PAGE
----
Two case studies are presented in which models were used as focal tools
in problems associated with common-pool resource management in
developing countries. In the first case study, based in Zimbabwe,
Bayesian or Belief Networks were used in a project designed to enhance
the adaptive management capacity of a community in a semiarid rangeland
system. In the second case study, based in Senegal, multi-agent systems
models were used in the context of role plays to communicate research
findings to a community, as well as to explore policies for improved
management of rangelands and arable lands over which herders and farmers
were in conflict.
The paper provides examples of the use of computer-based modeling with
stakeholders who had limited experience with computer systems and
numerical analyses. The paper closes with a brief discussion of the
major lessons learned from the two independent case studies. Perhaps the
most important lesson was the development of a common understanding of a
problem through the development of the models with key stakeholders. A
second key lesson was the need for research to be adaptive if it were to
benefit adaptive managers. Both case study situations required
significant changes in project orientation as stakeholder needs were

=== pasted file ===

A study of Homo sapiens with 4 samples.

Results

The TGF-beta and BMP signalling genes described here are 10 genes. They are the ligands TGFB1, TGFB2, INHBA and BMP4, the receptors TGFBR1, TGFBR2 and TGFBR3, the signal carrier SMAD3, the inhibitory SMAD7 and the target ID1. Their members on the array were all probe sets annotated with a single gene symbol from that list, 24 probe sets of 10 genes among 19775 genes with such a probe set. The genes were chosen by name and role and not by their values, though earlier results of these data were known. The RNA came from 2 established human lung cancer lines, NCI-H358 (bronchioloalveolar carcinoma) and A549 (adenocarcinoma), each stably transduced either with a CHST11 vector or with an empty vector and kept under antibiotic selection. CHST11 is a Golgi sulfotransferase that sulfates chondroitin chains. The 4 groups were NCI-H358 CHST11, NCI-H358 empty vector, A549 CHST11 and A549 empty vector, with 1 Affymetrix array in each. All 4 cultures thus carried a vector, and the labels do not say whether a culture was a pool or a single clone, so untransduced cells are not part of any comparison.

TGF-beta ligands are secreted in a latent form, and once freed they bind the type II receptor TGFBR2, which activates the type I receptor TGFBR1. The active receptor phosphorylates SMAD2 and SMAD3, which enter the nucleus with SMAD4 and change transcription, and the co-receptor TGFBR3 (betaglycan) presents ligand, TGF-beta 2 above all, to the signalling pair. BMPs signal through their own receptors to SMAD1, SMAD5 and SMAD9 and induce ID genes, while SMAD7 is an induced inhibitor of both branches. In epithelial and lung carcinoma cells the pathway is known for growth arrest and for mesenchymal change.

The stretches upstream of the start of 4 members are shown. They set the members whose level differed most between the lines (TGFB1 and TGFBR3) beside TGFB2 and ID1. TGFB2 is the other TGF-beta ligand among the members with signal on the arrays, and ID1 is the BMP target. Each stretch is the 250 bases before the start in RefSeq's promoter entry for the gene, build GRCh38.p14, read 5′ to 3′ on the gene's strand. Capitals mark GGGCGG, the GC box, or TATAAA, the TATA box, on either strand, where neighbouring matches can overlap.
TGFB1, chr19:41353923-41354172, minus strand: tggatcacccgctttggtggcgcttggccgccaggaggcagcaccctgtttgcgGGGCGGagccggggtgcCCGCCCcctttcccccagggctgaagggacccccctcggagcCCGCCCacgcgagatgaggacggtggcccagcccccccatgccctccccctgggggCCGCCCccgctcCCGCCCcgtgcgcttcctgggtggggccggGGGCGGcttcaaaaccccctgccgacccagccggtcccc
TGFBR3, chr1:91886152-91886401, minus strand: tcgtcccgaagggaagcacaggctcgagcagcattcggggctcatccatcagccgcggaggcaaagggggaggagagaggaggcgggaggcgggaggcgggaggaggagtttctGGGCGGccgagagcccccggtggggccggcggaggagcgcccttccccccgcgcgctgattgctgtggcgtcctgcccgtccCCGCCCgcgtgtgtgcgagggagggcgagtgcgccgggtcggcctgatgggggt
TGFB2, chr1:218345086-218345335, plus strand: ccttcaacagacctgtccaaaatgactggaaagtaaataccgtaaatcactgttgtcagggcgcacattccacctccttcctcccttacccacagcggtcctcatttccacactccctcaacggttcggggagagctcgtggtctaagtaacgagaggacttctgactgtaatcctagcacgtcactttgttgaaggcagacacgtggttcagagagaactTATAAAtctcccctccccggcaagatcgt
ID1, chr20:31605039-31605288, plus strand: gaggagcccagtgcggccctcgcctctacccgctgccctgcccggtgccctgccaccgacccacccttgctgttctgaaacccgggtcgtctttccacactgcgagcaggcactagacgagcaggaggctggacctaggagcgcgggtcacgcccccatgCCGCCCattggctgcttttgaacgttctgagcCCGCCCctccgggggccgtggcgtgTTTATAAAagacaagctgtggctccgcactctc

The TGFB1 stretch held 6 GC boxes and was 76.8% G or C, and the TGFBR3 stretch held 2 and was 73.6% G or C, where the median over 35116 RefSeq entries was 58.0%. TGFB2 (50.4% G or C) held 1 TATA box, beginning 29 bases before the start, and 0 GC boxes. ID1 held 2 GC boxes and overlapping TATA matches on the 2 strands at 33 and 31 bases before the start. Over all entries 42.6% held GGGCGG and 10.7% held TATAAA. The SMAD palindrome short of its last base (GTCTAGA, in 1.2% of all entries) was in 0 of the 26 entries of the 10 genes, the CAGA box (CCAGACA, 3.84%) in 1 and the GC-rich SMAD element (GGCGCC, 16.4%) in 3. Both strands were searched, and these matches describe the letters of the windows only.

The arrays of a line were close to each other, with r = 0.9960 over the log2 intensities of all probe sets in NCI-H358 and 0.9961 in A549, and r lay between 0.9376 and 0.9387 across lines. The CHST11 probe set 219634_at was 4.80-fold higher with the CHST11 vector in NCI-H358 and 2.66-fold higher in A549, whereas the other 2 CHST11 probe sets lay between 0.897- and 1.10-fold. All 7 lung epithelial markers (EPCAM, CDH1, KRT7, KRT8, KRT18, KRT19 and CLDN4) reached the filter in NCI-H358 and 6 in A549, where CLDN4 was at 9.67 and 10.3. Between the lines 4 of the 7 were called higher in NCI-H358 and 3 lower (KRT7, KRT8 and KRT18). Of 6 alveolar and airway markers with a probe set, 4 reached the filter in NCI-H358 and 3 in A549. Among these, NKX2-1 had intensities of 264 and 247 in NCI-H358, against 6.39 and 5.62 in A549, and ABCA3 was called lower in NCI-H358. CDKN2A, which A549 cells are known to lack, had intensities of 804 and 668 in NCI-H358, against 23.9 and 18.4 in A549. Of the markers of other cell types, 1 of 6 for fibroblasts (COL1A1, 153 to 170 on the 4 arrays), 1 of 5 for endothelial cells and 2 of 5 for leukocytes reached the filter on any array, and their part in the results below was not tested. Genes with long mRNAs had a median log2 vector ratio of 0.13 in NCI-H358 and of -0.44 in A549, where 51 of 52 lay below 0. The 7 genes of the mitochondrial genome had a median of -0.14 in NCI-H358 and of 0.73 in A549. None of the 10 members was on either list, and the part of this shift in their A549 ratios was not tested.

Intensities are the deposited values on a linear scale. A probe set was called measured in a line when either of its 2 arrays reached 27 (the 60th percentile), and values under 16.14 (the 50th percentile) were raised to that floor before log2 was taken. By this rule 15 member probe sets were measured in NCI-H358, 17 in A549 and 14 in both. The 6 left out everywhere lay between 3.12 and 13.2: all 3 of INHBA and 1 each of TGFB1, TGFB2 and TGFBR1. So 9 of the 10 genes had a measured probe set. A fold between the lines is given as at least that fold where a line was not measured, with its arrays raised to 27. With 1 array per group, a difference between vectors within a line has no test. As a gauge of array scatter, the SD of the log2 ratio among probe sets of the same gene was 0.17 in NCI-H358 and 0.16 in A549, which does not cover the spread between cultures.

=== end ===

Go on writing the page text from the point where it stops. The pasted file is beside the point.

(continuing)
defined. Both case studies recognized the key role that research, and
particularly the development of models, played in bring different actors
together to formulate improved management strategies or policies.
Participatory engagement with stakeholders is a time-consuming and
relatively costly process in which, in the case studies, most of the
costs were born by the research projects themselves. We raise the
concern that these activities may not be widely replicable if such costs
are not reduced or born by the stakeholders themselves.
Lynam T.J.P., Bousquet F., Le Page C., d’Aquino P., Barreteau O., Chinembiri F. and Mombeshora B. Adapting science to adaptive managers - spidergrams, belief models and multi-agent systems modelling. Conservation Ecology (2002) 5 (2) 24.
Adapting science to adaptive managers - spidergrams, belief models and multi-agent systems modelling.